Councilman Booze refrains from dismissing contentious property fines

Council member Corky Booze speaks at Thursday 's Public Safety Committee meeting. Boozy removed an item on the meeting's agenda that he originally placed to hear the request of waiving fines on her former girlfriend's property. (Photo By Leo Zou)

Council member Corky Booze speaks at Thursday 's Public Safety Committee meeting. Boozy removed an item on the meeting's agenda that he originally placed to hear the request of waiving fines on her former girlfriend's property. (Photo By Leo Zou)

Richmond City Councilmember Corky Booze was pressured to withdraw a request to waive fines on a property his ex-girlfriend owns at last Thursday’s Public Safety Committee  meeting.

Booze had previously insisted on the committee hearing the request. He denied any conflict of interest, despite his position as a voting member of the committee. Booze decided to pull the item off the agenda after receiving an email from City Attorney Bruce Miller.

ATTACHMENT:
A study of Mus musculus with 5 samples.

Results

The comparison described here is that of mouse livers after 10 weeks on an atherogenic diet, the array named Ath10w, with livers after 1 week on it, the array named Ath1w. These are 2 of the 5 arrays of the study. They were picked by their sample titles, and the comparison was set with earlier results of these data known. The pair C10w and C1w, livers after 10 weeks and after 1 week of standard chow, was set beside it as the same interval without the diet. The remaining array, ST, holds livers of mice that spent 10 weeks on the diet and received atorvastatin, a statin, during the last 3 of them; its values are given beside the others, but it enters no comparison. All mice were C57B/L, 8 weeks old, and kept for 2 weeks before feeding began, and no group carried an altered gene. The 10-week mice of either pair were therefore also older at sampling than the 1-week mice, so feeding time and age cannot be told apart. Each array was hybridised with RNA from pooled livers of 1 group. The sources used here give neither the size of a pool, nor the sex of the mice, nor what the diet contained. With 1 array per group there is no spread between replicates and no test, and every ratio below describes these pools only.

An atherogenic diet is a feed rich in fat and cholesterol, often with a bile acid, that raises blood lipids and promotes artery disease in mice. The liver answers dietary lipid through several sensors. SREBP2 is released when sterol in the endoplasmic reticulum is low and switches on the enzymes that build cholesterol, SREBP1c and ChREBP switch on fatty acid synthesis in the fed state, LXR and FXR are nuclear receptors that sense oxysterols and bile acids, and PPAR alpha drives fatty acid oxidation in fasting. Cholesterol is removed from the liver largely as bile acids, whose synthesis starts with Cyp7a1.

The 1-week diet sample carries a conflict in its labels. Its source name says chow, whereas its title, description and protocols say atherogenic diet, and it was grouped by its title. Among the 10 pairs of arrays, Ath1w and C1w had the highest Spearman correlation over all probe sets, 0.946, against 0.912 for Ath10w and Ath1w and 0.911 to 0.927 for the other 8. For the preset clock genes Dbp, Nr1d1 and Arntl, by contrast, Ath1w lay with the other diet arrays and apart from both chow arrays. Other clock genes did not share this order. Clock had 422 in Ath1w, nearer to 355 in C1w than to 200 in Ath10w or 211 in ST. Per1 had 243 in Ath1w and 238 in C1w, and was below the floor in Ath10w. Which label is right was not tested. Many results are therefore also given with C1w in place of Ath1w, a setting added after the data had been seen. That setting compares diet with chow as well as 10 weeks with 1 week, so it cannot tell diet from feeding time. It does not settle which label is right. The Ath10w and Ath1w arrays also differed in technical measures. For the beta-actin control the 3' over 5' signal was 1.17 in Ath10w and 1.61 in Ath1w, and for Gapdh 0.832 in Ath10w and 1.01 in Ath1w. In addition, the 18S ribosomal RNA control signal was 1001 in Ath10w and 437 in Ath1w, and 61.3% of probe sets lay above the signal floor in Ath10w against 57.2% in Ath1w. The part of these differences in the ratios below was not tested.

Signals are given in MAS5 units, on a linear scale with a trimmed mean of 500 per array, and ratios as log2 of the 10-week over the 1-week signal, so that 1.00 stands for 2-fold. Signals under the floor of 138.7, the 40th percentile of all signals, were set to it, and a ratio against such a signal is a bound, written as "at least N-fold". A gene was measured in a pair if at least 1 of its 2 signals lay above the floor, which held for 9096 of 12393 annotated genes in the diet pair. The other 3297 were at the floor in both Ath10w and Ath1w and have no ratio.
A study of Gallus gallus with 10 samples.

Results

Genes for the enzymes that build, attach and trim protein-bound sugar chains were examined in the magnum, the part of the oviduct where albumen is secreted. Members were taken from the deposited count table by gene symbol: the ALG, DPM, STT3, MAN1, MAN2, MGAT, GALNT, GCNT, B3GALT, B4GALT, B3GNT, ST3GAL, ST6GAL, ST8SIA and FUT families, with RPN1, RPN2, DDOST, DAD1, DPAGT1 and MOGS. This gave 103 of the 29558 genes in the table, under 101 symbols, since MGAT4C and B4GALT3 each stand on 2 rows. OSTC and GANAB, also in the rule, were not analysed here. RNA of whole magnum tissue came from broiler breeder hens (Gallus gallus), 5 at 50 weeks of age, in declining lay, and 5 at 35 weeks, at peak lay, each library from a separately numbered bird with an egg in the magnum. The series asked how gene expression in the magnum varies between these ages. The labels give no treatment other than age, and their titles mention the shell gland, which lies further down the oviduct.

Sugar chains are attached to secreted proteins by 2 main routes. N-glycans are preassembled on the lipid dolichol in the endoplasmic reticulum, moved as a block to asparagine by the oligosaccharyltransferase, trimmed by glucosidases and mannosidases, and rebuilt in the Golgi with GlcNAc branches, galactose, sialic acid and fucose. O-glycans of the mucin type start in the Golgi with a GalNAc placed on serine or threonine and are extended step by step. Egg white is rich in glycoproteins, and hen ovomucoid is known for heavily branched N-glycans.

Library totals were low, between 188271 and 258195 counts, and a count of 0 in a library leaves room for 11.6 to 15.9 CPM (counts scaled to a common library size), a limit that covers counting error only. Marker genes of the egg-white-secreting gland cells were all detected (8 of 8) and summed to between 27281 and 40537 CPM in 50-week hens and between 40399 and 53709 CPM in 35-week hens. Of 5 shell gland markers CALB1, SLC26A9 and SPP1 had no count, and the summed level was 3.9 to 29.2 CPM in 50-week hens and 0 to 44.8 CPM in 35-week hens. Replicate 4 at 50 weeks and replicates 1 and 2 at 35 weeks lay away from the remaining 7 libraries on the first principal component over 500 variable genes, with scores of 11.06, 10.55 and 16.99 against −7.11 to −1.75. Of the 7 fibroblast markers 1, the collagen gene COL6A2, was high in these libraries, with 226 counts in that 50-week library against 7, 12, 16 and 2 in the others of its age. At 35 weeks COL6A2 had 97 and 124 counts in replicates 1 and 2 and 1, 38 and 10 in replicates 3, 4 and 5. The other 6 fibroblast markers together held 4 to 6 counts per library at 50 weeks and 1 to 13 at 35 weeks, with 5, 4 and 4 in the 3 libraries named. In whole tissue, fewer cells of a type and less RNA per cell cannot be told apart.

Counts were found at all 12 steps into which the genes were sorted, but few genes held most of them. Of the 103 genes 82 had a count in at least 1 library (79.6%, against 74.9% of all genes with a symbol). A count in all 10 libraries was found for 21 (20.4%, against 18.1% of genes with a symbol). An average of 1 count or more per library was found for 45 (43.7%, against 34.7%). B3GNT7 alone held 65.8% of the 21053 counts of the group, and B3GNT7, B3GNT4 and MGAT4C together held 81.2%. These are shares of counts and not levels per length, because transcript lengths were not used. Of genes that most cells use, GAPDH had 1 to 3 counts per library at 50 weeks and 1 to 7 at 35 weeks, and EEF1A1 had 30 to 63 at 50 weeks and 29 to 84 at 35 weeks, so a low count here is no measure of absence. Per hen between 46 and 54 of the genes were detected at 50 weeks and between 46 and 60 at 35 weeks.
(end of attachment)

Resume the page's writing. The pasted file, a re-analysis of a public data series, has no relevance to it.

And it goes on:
“Bruce Miller told me it wasn’t good so I pulled off,” Booze said after the meeting. Emails from other elected officials also expressed their oppositions to this item.

Since 2008, the Code Enforcement Department has levied about $9,500 fines on an industrial property at 801 Hoffman Blvd. for hazardous conditions and most recently for unlawful fence modifications.

Laura Baker, Booze’s  ex-girlfriend, owns the property.  The land was once filled with dump trucks and building debris, according to Richmond Code Enforcement.

“Maybe I was too close to Ms. Baker so I step back and let somebody else deal with it,” Booze said as he flipped through pictures of the property on his iPad. These images show that the land has been cleaned up. “Everybody thought it was a personal deal. It is not a personal deal,” he added.

Instead, Booze said that Code Enforcement slapped the fines on the land to retaliate for his recent move to restrict the use of city cars. Tim Higares, director of the Code Enforcement, is one of the people who would be affected by this restriction.

This is not Booze’s first contentious property maintenance case. The city sued him in July of this year for maintaining what it called a “junkyard” in Richmond. The lawsuit alleged that this land “was detrimental to the health, safety or welfare of the public.” A hearing in that case is scheduled  for January.